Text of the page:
The Anatomy of Microinvasive Glaucoma Surgery on

By Nathan M. Radcliffe, MD

A knowledge of extraocular anatomy is important when performing traditional glaucoma surgery, so much so that it is engrained in the curricula of ophthalmology residency programs. For example, understanding the insertion of Tenon’s fascia to the sclera can make the difference between a beautiful conjunctival dissection and a substandard one.

With the evolution of microinvasive glaucoma surgery, new anatomic considerations have become important, such as the egress of the aqueous humor after it passes through the trabecular meshwork (TM). Over the past several years, and through our experiences with procedures such as canaloplasty, Trabectome (NeoMedix Corporation), and the iStent Trabecular Micro-Bypass Stent (Glaukos Corporation), we glaucoma specialists have learned that Schlemm canal may not always be continuous for 360º, leading to occasional cannulation failure during canaloplasty. Although the TM is the site of greatest resistance to aqueous outflow, it is not a single target but rather a series of parallel resistors. This fact challenges the notion of simply bypassing the TM in one place. Clearly, we have much to learn about the distal outflow pathway in general.


In his video on, Ike Ahmed, MD, demonstrates his technique for the targeted placement of the iStent. Dr. Ahmed takes an intraoperative look at the conjunctival and episcleral veins that remove aqueous humor from Schlemm canal. He points out that, by carefully observing the aqueous as it travels through this collector system, both laminar and pulsatile flow of aqueous from the anterior chamber can be visualized. He argues that trabecular microbypass is enhanced by placing the device in regions where there is a greater capacity for episcleral drainage. Dr. Ahmed demonstrates that the blanching of the episcleral veins can be visualized intraoperatively when the eye is pressurized with balanced salt solution (Figure).

In anticipation of placing one or more iStents, Dr. Ahmed marked several specific sites in which the local anatomy of aqueous and episcleral veins has a high capacity to remove aqueous humor. This observation correlates with the notion that the presence of a small hemorrhage at the tip of the internal ostium of the device is a positive prognostic sign, indicating that patency between the anterior chamber and the episcleral venous collection system has been created.

Dr. Ahmed’s video is innovative and thought provoking, but his approach should be validated with clinical results. Although he argues that the larger aqueous veins should be targeted due to their high capacity, it seems possible (if less likely) that the iStent’s placement could be most helpful in regions where aqueous humor is not exiting through the collector system preoperatively.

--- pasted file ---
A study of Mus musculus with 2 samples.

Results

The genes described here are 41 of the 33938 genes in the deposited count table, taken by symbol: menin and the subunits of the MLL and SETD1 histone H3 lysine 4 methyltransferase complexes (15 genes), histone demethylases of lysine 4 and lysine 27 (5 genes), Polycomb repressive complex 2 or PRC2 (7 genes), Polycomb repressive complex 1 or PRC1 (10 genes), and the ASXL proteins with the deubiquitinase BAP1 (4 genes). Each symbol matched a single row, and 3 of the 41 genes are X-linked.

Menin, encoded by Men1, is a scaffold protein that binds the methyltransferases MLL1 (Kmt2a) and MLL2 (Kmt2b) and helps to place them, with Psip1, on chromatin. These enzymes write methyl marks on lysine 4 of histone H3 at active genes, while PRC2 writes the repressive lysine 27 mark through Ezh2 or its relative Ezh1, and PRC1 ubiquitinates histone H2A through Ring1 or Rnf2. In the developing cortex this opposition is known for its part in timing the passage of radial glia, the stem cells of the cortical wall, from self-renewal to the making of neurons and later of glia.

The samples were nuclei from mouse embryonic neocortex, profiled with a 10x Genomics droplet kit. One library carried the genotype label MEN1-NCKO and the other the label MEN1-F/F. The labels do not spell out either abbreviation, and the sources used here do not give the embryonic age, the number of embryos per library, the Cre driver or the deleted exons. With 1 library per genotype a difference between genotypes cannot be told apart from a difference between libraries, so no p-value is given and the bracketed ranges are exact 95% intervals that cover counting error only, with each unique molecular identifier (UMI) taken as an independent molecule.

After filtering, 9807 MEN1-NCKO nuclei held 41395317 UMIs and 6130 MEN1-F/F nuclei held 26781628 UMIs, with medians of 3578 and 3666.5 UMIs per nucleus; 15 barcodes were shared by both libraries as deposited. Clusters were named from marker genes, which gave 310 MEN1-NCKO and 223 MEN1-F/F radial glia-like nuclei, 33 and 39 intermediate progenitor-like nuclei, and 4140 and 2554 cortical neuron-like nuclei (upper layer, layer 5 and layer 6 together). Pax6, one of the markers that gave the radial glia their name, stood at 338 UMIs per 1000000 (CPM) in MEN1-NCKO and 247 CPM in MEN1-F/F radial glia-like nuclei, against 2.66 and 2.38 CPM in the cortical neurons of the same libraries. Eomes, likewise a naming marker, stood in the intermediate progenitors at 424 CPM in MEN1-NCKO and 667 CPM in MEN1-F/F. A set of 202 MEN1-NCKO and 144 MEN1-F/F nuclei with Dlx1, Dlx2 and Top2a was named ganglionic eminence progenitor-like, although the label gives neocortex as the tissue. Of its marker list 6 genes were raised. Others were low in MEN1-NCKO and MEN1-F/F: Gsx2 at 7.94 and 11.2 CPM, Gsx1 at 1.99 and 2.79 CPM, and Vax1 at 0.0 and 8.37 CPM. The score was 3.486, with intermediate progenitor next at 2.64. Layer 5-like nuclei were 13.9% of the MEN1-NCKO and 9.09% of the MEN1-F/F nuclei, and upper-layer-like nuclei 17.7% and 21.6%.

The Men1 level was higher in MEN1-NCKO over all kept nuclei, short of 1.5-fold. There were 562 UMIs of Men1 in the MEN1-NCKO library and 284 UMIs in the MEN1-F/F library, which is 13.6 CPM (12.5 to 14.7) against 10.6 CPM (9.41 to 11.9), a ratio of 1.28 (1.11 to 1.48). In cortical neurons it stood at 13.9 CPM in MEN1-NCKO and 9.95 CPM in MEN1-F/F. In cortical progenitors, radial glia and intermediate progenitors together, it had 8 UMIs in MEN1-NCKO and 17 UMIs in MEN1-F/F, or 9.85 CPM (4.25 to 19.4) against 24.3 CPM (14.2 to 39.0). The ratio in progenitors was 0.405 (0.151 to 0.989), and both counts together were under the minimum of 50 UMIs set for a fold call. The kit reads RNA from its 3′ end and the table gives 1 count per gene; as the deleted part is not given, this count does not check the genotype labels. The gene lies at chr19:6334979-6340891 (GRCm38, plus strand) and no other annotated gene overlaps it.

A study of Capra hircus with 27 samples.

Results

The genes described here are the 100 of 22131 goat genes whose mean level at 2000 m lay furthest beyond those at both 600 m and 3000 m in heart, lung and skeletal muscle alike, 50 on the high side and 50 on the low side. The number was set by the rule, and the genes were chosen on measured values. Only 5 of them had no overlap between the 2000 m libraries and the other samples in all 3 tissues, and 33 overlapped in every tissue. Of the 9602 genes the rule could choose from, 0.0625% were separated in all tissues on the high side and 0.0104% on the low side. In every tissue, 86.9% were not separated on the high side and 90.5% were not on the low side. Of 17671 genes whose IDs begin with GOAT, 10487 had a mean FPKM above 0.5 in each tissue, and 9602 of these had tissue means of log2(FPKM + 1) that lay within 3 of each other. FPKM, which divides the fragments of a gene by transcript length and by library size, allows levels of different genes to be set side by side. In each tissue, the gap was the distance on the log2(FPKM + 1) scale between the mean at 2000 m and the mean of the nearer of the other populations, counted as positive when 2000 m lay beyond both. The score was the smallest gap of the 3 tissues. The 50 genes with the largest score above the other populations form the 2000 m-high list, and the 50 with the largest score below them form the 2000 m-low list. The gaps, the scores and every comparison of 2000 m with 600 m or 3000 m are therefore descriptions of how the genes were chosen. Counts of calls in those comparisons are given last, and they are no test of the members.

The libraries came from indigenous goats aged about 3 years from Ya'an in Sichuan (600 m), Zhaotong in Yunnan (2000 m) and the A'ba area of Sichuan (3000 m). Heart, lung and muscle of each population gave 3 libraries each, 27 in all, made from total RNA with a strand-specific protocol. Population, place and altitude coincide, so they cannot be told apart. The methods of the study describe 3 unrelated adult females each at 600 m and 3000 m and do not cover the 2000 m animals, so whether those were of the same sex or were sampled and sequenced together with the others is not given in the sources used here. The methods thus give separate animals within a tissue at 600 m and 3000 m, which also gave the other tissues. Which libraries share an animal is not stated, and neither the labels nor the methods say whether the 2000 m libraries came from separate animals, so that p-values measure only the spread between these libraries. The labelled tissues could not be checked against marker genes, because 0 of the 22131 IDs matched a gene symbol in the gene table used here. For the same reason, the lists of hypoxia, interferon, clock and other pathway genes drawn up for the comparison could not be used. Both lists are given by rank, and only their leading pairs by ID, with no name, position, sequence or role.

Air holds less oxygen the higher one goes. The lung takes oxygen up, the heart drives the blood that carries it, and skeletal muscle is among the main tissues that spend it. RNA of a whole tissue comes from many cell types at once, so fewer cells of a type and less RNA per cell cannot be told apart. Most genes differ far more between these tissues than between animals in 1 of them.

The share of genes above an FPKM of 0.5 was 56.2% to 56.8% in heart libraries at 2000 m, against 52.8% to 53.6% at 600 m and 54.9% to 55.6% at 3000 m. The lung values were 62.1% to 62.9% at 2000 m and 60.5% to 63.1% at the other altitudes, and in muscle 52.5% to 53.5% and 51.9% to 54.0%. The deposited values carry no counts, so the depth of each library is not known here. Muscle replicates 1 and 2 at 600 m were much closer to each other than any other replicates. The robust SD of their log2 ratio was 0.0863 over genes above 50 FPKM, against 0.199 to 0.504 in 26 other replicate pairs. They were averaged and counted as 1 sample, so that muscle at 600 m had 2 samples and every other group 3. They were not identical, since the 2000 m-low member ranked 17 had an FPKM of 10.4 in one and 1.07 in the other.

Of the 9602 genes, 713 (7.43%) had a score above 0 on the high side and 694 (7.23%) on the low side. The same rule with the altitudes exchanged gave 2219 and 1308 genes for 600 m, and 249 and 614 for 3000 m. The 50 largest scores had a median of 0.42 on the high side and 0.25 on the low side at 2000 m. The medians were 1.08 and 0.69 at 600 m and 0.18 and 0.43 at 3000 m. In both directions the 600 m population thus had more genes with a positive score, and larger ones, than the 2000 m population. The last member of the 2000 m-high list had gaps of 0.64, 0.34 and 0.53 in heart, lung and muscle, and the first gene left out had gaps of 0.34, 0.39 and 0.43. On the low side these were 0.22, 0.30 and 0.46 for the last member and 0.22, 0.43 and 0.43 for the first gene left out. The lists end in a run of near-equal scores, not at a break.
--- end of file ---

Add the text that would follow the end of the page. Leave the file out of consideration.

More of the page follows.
Fortunately, several scientists are working on improving our understanding of the outflow pathway. At the 2013 American Society of Cataract and Refractive Surgery Annual Meeting, Sayoko Moroi, MD, PhD, presented an analysis of hyphema after canaloplasty and found no strong relationship between the two.1 In the same presentation, Dr. Moroi also showed a video of fluorescein canalograms that may help determine which areas of the TM are obstructed as well as which patients will benefit from a trabecular bypass microstent and where the device should be placed.

Murray Johnstone, MD, developed the noninvasive optical trabeculogram, a phase-sensitive optical coherence tomography system that images dynamic motion of the TM in living subjects. He has shown that the TM functions as a pump in healthy individuals,2 which can produce the pulsatile aqueous egress seen in Dr. Ahmed’s video. Dr. Johnstone has also demonstrated that the TM stiffens and stops moving in glaucoma.3


As we develop new therapeutic approaches for the treatment of glaucoma, our diagnostic techniques must evolve for us to best target our therapeutic techniques. It is likely that, as ab interno glaucoma surgery grows in popularity, it will become more important to critically evaluate the anatomy and physiology of the distal outflow pathway.

Section Editor Nathan M. Radcliffe, MD, is an assistant professor of ophthalmology at Weill Cornell Medical College, New York-Presbyterian Hospital, New York. He is a consultant to Carl Zeiss Meditec, Inc., and Glaukos Corporation. Dr. Radcliffe may be reached at (646) 962-2020;

  1. Moroi S. Association of aqueous humor dynamic markers in glaucoma with canaloplasty surgery. Paper presented at: The American Society of Cataract and Refractive Surgery Annual Meeting; April 21, 2013; San Francisco, CA.
  2. Johnstone M, Li P, Wang R. Pulse-induced trabecular meshwork movement in humans characterized by phasesensitive OCT. Paper presented at: The American Society of Cataract and Refractive Surgery Annual Meeting; April 23, 2013; San Francisco, CA.
  3. Li P, Reif R, Zhi Z, et al. Phase-sensitive optical coherence tomography characterization of pulse-induced trabecular meshwork displacement in ex vivo nonhuman primate eyes. J Biomed Opt. 2012;17(7):076026.